Hillshire Brands replaces Sara Lee name in spinoff
BY FRANCINE KNOWLES Business Reporter June 5, 2012 9:30AM
Updated: July 7, 2012 8:40AM
When the Sara Lee corporate name disappears, it will be replaced by Hillshire Brands Co., the new name of the company’s meats business, Sara Lee announced Tuesday.
Sara Lee, which is splitting into two independent publicly traded companies late this month, said Hillshire Brands Co. will encompass brands including Jimmy Dean, Hillshire Farm and Ball Park as well as its Sara Lee desserts.
The other company, D.E. Master Blenders 1753, will focus on international coffee and tea.
After the spin-off, Hillshire Brands’ Foodservice division will continue to be known as Sara Lee Foodservice, the company said.
In revealing the new corporate name, the company said Hillshire Brands will be listed on the New York Stock Exchange and trade under the ticker symbol “HSH.” The company also unveiled a new logo.
The Hillshire name was inspired by the Hillshire Farm brand, which Sara Lee acquired in 1971.
“Sara Lee is embracing one of their well-known product brands,” said Tim Calkins, clinical professor of marketing at Northwestern University’s Kellogg School of Management. “That makes a lot of sense because they’re building on a brand that’s already in the market and already has awareness and positive perception. I think overall it’s a very smart move because the Sara Lee name is clearly not a good fit for the new meat company.”
Launching a totally new name would have been very expensive and difficult for the company, Calkins added.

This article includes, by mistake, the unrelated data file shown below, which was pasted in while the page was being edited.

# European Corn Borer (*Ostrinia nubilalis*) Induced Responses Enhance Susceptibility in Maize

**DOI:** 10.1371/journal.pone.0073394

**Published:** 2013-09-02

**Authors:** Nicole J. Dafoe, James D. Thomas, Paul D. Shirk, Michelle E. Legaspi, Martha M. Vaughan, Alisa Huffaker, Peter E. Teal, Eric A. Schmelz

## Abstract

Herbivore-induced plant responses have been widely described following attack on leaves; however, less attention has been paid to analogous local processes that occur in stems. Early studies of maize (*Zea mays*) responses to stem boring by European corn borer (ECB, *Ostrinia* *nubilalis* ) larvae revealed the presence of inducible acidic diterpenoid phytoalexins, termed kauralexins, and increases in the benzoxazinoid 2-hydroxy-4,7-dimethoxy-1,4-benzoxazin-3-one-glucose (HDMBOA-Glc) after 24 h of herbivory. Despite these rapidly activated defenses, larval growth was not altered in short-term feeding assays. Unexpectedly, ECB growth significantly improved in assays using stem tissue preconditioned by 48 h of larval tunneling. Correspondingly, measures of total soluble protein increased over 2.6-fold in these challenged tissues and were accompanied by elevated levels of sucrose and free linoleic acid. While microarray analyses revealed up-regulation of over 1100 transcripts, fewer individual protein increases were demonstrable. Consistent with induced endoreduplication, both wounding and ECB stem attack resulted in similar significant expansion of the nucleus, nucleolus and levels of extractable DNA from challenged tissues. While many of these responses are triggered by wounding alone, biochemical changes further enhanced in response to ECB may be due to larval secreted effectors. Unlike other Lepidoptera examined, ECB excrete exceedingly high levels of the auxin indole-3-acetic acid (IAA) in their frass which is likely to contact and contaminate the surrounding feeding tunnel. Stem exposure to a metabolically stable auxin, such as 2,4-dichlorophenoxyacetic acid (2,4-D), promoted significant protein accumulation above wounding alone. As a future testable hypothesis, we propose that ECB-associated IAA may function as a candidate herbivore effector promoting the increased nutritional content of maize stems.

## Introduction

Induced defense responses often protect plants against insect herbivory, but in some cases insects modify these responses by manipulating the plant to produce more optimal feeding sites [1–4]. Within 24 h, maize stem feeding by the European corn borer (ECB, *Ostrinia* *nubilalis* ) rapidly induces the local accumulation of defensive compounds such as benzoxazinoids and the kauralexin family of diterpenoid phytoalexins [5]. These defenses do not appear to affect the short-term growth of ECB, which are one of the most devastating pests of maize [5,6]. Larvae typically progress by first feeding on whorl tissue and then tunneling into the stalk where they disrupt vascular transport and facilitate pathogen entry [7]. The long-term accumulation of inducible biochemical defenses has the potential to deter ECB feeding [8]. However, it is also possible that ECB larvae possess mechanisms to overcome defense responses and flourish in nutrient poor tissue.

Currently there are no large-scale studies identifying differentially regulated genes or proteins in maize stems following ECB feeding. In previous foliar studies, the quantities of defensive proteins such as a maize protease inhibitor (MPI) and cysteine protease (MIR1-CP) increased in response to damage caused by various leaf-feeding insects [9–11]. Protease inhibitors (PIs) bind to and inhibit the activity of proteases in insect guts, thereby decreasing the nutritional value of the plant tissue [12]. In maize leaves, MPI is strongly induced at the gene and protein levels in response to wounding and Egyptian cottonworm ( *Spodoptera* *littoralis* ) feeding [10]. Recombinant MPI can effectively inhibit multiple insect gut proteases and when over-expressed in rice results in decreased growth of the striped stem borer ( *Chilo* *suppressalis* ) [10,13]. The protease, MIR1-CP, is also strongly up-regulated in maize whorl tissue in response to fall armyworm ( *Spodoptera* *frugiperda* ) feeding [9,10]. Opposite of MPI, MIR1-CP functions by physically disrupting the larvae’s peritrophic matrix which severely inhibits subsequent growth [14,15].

The company needed “a name and identity that captures the potential of this new organization,” Sean Connolly, chief executive officer of Sara Lee North American Retail and Food Service, said in a statement. Connolly will become CEO of Hillshire Brands.
The company laid out its strategy for the business at an investor meeting in New York on Tuesday. It said among key drivers of profitability will be higher revenues through innovation and greater brand support, increased marketing and advertising and a three-year plan to save $100 million and invest in innovation to manage selling and general and administrative expenses.
The company expects its strategy to deliver annual revenue growth of 4 percent to 5 percent and an operating margin of 10 percent by fiscal year 2015.
The new name is important, said Calkins, who noted Sara Lee has had a lot of ups and downs over the years. The company has been shrinking for the past 10 years. It spun off its Coach handbag division in 2001 and its apparel and underwear business in 2006. It also sold off its bakery, body-care and insecticides businesses.
The Hillshire Brands name will become effective after the June 28 spin-off of the coffee and tea business.
“Names play a very symbolic role for organizations,” Calkins said. “This change sends a signal to the organization that it’s not business as usual, but instead it’s a fresh start.”